Reviews from the massive Bumbershoot Festival in Seattle.
It took five hours to make it happen, but a major THANK YOU to April and Jackson of Bumbershoot staff for finally getting Randomville online!!! NOW we will get some work done!! 🙂
I stopped by the Cyclecide show happening all weekend long for a minute. The public gets their chances to ride these strange bikes, but for now it was the host folks with a live band:
Next I moved over to finally see The Lonely H, a band I’ve been trying to catch for years. Singer Mark Fredson yowls, growls, screeches, yelps and pulls a drawl sometimes; maybe like a young, tame Jerry Lee Lewis. Think of Spoon meshing with The Black Crowes for a comparison. He’s a great frontman and each song had the enthusiasm as if it was the final song of the night. Solid performance.
Walking up to see Seattle hip hop group Fresh Espresso, rapper P Smoov (of Mad Rad fame) was the lead voice, though in a more calmed down tone then Mad Rad, simply just rapping. Rik Rude (and Terry from Mad Rad and guest drummer Trent Moorman from Head Like a Kite) is good too, but Smoov is quietly the frontman here. He’s just the best MC, and has a more clear voice and he has good flow control.
I’m not sure if this is happening outside of Seattle, but flying flour tortillas at festivals is becoming the norm around here. Better than bricks! Fresh Espresso is similar to Mad Rad though, but this batch seems more fit for a hip hop video shot late at night with cars and girls. They had matching black outfits with white ties, but they are simply not as fun as Mad Rad. Perhaps their highly anticipated new album will be better than their live show.
Circus Una Motorcycle Thrill Show. They rode to Motorhead, Poison and Motley Crue. Crazy performance!!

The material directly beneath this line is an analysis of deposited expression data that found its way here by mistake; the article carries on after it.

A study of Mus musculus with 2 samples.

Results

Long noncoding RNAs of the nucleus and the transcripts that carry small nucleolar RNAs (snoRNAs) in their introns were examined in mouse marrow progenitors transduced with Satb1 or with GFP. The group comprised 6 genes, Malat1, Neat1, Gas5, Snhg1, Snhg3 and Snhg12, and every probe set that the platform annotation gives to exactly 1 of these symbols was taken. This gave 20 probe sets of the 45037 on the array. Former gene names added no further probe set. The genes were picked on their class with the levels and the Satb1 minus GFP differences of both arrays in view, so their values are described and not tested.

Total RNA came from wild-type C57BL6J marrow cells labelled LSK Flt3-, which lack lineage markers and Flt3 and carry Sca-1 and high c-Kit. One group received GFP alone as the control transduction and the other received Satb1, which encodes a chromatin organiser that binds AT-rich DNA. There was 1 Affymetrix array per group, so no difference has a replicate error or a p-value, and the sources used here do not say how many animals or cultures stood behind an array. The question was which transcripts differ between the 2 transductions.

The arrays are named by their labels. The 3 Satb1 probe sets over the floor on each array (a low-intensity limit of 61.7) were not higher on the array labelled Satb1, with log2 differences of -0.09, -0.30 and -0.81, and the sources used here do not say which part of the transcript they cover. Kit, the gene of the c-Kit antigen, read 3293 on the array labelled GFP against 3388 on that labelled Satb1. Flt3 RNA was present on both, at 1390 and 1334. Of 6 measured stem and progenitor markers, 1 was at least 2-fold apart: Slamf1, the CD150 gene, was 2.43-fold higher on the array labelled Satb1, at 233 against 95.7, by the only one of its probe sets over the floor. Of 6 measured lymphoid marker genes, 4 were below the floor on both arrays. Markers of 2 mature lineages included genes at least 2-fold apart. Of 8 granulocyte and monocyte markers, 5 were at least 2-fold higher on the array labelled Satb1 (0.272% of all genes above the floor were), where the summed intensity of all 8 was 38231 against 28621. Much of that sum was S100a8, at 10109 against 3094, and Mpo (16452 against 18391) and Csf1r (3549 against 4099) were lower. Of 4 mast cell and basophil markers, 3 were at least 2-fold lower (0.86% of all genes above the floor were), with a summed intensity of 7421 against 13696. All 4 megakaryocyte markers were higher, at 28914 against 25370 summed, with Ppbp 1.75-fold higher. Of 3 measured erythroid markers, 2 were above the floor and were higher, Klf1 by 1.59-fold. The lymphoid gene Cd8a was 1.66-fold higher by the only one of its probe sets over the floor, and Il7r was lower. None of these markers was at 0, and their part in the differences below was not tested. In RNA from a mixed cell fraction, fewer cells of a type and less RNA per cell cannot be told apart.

Back out to the street. Not sure yet if I’ll update again before after the show tonight. Stay tuned!
I had to ask!
My question: I want to be able to walk like Sherman Hemsley. How can I do it? First I was shown the walk, then told to perform. As expected, I didn’t quite have it down and I was instructed to pretend like I was dribbling a basketball behind my back. He said I was “close.” I think he was lying.
[I can hear Courtney Love howling down the road as I type this. I have zero interest…to be polite]
As an off-agenda move, I stopped by the secret KEXP stage to see power pop band Surfer Blood. In pure, skinny-jean fashion, they played out like The National and Vampire Weekend thrown into a blender. There were some head bobs going on, but the danceable tracks didn’t seem to fitting in the intimate, sit-down venue.
New Orleans based Jay Electronica let off an F-bomb within his first 10 words. He had the crowd chanting back “Real hip hop. True hip hop. Weed don’t stop. We don’t stop.” But every time I would just be getting into his beat, they’d stop the music and he’d just be rapping into a mic…in front of 1,000+ people. The crowd was just too young to connect to that and was quickly losing attention. I left after a few songs, if that’s what you would classify them as.
Have to admit I really had not seen any really great performances today, but that changed real fast with James Cotton. From the opening song, it was like his two guitarists (Tom Holland and Michael Coleman) were in an intense boxing match over who could out-solo each other. They put some boogie in my woogie!
Of course Cotton was the main focus; the guy used to be in Muddy Waters’ band. But at one point Coleman unleashed this furious solo where he layed on a two-note speed rampage for about 30 seconds, causing the crowd to erupt. Somewhere up above, Stevie Ray was tipping his hat in approval. Then there was the bass player: When given the chance, he drilled the slap bass ala Flea it was so fast. James sat out for the first two songs, then hobbled out to the stage (he’s 75) directly to his chair. The harmonica legend did his thing and he’s still got some life in those old lungs. I’m a blues man by heart and today my heart was warmed!
For me, The Vienna Teng Trio closed out my night on a cool, summer-ending night and their music was perfect for this theme. An accomplished piano player with a pretty voice, Teng and her crew produce quiet and peaceful music. The talent is fluent in the band as well with one instance where her percussion player used his right hand to pound out on a tonga with his right hand while simultaneously using his left hand for the keyboards. A fun trick was getting the audience to participate by shaking their key chains to make sound, as well as knee patting and making wind noises.
I had no interest in Weezer nor the Dandy Warhols, so I called it an early night. Must rest for a big final day!